Now it’s time to start applying for jobs. Register at PracticeLink.com/Physiciansto get on recruiters’ radar, receive new or updated jobs in your specialty, and easily save and respond to jobs. Don’t underestimate the power of word of mouth. Tell your colleagues and friends what you’re looking for, and ask if they know of any openings.Physician recruiters at your local hospitals can be wonderful resources for you even if you are looking at opportunities several states away. They are probably networking with other recruiters on a daily basis and know which facilities have needs.
Did you find an organization for which you want to work, but it doesn’t have a job opening listed in your specialty? Don’t hesitate to call the recruiter there and tell them what you’re looking for. They may have an opportunity that hasn’t been advertised yet, or know of some upcoming needs.
Writing a cover letter is a separate process from writing your CV. Don’t write your cover letter until you know where it’s going. Your cover letter will also benefit from being proofread by someone you trust.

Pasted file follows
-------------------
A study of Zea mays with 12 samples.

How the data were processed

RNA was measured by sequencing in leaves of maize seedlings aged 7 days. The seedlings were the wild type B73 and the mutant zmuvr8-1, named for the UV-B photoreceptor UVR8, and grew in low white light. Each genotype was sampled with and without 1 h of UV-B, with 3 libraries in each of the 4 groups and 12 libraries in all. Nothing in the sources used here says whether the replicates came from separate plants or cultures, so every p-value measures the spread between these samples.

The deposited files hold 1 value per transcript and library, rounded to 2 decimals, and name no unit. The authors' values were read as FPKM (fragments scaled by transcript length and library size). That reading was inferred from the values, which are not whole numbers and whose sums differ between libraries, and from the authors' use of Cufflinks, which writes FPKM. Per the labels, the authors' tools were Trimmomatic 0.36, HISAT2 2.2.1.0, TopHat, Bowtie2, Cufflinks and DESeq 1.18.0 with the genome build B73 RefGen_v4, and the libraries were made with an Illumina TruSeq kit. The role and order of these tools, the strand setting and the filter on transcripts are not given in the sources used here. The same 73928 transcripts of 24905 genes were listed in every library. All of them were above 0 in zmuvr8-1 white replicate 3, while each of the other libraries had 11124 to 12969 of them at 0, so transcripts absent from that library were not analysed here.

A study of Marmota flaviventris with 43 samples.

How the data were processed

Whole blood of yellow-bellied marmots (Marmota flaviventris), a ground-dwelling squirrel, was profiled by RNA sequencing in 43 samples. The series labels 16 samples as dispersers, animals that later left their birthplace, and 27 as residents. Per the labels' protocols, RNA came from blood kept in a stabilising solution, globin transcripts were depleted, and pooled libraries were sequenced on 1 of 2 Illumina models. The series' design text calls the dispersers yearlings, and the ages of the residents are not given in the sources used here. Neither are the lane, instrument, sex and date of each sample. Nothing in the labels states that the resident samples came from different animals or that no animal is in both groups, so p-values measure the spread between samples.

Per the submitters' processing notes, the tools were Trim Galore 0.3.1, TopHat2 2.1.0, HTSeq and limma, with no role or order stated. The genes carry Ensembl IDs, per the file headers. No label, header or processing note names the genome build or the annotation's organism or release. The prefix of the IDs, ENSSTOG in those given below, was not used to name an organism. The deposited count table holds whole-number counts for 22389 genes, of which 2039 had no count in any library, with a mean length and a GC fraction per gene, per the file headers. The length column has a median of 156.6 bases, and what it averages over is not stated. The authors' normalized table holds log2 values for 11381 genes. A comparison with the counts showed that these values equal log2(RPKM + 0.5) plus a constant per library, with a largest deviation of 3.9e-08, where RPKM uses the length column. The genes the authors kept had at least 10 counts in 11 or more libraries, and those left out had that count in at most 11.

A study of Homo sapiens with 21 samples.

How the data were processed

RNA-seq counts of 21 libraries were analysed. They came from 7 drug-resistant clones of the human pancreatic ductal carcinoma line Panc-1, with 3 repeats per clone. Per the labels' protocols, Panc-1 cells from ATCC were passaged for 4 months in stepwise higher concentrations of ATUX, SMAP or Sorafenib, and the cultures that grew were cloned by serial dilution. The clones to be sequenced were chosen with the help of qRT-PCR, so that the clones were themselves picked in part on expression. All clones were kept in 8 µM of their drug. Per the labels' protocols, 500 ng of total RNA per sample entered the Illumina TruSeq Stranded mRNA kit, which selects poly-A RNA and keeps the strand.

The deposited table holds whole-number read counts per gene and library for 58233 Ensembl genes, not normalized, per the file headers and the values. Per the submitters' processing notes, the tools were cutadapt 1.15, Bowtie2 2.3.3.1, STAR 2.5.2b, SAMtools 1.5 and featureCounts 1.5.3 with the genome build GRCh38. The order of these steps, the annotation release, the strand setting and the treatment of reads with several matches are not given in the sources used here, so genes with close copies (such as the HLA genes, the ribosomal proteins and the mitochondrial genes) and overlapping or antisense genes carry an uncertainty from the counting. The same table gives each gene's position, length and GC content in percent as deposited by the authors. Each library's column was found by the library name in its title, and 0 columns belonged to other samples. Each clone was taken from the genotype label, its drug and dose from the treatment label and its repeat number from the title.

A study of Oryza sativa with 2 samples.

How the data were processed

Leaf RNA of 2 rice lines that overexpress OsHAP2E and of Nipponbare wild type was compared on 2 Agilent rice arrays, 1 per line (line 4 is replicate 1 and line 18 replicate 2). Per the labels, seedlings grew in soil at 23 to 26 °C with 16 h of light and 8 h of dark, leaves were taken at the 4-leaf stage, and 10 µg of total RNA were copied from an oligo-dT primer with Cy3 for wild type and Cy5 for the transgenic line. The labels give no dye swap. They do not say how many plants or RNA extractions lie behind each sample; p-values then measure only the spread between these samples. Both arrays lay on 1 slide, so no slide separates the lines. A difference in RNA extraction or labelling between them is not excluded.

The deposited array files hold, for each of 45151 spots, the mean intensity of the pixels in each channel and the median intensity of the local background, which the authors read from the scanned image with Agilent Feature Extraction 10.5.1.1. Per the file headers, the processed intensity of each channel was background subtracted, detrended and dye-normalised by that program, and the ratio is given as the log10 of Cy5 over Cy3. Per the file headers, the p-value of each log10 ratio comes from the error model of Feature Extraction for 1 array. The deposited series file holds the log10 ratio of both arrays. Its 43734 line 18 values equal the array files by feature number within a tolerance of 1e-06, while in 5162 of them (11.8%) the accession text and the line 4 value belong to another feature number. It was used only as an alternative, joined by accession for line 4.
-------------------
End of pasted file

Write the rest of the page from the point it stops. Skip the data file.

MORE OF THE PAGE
Personalize your cover letter for each job opportunity, and in it include why you are interested in that job and location. Highlighting any ties you have to the area can move your CV to the top of the stack. Though a cover letter is not required, including one definitely helps set you apart from your competition.
There are two main types of physician recruiters that you may encounter in your job search: in-house recruiters and search firm or agency recruiters.
What’s a search firm?
A search firm is a third party that has been contracted by the employer to help them locate good physician candidates. Some search firms are labeled "contingency," meaning the hospital/practice only pays them a fee if their candidate is hired. Others are "retained," meaning the hospital/practice retains them for a fee to assist in the physician search, regardless of the placements made. In either case, the search firm is paid by the employer and not by you.
What’s an in-house recruiter?
An in-house recruiter is employed by the hiring party, whether that is a hospital, health system, private practice, physician group, etc. This person will also often work in the town where the job is located and could be classified as a recruiter, office manager, hospital CEO or a number of other titles.